The world of optometry is dramatically changing, especially with the rise of online retailers providing direct-to-consumer eyewear.
In fact, online sales in the optical industry have soared 100% since 2011 alone, and nearly one in three customers said that they’ll likely purchase eyewear online in the future.
For practitioners, that means finding new ways to grow their practice and create value for their patients. Luckily, technology is helping to provide powerful new tools that are compelling for patients while also giving optometry professionals an edge over online retailers.
The Rise of Eye-Tracking Tech
While relatively new, eye-tracking technologies are an exciting advancement that’s captured headlines in the gaming world as well as in virtual-reality applications and augmented reality advertising experiences.
But these capabilities have important clinical applications as well. Here are just five ways to leverage these new advancements to grow your practice.
1. Functional vision screening
While vision screening is a standard offering for every optometrist, that practice can be enhanced by helping patients uncover vision issues. With eye strain related to computer and device use at an all-time high, optometrists need ways to accurately measure visual performance on digital devices.
In addition to corrective and preventative care, practitioners can suggest computer-based exercises that patients can do at home to improve dynamic acuity over time. And beyond just correction through glasses or lenses, providers can offer ergonomics evaluations or testing and treatment for conditions like dry eye that are particularly prevalent among those who use devices heavily.
2. Reading assessments
Kids in school are too often misdiagnosed with learning disabilities when, in reality, they’re having trouble reading and doing schoolwork because of vision issues. It’s not only frustrating for parents but demoralizing for kids.
Eye-tracking technology can help practitioners provide specific non-invasive reading assessments in the office that can reassure parents with clear, actionable reporting and results. And perhaps most importantly, the right assessment and diagnosis can help students get the vision correction they really need to succeed in school.
3. Sports vision assessment
Athletes of all disciplines depend on vision for performance, whether it’s judging the speed and height of a pitched baseball or evaluating the grade of a ski slope.
Offering specific sports vision assessment services using eye-tracking technology can not only differentiate your practice but provide a service to new clientele who may not need or want traditional vision care but who are absolutely interested in any edge they can give themselves on the court or on the field. Bringing your practice to the table as part of an athlete’s overall health, wellness, and performance can be a sharp differentiator in the market.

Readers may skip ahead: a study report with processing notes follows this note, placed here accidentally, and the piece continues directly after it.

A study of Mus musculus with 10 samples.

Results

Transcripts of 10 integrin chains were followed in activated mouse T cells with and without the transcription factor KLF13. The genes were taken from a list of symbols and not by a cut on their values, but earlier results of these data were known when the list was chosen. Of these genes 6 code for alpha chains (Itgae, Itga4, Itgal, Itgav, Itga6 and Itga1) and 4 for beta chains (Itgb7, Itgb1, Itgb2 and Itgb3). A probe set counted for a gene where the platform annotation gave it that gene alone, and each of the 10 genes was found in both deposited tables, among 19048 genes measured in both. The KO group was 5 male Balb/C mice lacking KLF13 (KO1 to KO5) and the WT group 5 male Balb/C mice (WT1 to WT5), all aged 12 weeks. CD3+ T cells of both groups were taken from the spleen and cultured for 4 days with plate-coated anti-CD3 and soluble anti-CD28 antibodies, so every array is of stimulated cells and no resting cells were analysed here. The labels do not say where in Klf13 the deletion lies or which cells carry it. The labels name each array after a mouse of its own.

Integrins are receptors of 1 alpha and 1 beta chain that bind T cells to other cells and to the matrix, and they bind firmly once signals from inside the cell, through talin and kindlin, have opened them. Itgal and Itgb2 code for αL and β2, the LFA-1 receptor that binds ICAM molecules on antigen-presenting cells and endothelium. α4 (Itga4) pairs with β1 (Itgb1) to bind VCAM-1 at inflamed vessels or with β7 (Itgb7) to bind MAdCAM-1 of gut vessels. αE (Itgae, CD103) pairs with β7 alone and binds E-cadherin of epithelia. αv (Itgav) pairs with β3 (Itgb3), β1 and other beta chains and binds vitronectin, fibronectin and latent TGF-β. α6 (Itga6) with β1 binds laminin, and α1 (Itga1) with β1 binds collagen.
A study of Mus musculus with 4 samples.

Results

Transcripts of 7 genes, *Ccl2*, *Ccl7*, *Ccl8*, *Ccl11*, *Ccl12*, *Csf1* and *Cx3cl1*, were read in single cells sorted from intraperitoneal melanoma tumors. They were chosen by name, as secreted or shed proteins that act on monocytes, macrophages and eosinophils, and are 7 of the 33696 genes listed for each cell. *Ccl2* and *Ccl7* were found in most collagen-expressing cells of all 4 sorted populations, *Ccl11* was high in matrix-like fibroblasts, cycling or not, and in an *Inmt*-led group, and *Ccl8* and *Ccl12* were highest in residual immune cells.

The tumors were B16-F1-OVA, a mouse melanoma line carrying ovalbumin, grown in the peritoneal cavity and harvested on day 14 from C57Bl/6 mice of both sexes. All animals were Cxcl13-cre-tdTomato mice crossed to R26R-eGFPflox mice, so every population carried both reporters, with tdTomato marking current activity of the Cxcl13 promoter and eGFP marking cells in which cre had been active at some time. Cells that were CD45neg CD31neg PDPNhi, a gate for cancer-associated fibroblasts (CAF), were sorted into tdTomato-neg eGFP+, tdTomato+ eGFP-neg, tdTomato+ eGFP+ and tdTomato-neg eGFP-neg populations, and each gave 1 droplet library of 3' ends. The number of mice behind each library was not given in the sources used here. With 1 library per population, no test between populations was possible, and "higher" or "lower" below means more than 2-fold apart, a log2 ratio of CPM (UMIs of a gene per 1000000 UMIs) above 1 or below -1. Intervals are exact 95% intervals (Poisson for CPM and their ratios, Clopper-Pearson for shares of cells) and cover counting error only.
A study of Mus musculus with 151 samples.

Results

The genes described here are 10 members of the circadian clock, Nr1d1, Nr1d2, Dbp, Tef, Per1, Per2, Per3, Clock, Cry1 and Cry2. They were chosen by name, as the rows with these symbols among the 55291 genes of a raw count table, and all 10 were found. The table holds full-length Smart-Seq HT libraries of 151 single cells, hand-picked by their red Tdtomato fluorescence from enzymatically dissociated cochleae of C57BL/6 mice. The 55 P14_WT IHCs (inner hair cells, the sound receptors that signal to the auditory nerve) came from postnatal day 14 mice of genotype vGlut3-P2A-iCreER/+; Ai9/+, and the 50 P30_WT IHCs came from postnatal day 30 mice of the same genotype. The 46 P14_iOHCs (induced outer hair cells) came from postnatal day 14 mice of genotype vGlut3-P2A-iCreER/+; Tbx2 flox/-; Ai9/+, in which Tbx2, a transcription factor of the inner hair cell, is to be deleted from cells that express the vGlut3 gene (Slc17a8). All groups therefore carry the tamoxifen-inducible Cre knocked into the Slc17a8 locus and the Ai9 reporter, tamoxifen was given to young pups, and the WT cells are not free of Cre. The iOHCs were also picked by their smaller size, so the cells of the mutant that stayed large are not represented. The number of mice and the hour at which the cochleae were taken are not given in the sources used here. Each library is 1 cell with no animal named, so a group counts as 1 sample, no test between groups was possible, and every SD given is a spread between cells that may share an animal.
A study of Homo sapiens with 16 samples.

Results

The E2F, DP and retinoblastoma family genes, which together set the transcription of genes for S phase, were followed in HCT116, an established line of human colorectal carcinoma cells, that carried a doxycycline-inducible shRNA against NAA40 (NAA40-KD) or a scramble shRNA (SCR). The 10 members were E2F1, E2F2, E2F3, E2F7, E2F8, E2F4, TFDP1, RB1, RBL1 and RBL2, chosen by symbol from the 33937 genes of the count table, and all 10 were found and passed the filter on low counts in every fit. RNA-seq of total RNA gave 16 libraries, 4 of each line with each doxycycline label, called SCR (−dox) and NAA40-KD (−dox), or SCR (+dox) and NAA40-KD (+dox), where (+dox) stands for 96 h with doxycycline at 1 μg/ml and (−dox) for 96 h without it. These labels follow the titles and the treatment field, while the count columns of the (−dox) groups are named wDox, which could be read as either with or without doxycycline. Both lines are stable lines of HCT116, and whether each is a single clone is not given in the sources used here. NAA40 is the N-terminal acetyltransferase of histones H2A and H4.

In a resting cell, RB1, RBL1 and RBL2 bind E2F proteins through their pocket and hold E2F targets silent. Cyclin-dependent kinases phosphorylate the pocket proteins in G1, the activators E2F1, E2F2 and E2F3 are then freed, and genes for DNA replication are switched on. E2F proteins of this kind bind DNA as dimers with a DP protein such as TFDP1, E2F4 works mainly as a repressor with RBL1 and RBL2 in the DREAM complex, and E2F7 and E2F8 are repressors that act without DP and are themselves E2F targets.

4. Brain Health
Alongside sports performance comes sports injury, and for athletes in contact sports like football and soccer, the incidence of concussion can be as high as 19% per season.
Optometrists have a critical role to play in post-concussion care, especially by evaluating the impact and severity of the concussion and helping the patient recover through neuro-optometric rehabilitation. Eye-tracking can be used to assess eye movements and eye teaming. Professionals can use these metrics to offer a number of treatment options – from supportive temporary prescriptions to computer-based strengthening exercises and therapy – to improve specific areas of dysfunction.
5. Aging Eye & Brain Care
In America, the population of adults who are 85 and older is the fastest-growing age group. And with aging comes complicated ocular and cognitive changes that can dramatically affect visual performance and negatively impact patients’ quality of life.
Optometry professionals have a significant opportunity to leverage eye-tracking technology to help support their vision care programs. By identifying and providing treatment services to help preserve and improve optical health in elderly patients, practitioners can be a trusted, reassuring resource for their families as well and a critical part of their care team.
The Time to Start is Now
Investing in new technology can feel daunting, but it doesn’t have to be. New eye-tracking offerings are cost-effective, but also offer optometry practices new ways to serve the community, treat patients they wouldn’t normally see, and help an increasingly digital generation manage their optical health more proactively.
By considering these new advancements, you can not only understand and embrace how optometry is evolving today but stay ahead of where it will be tomorrow so you can keep your practice ahead of the curve.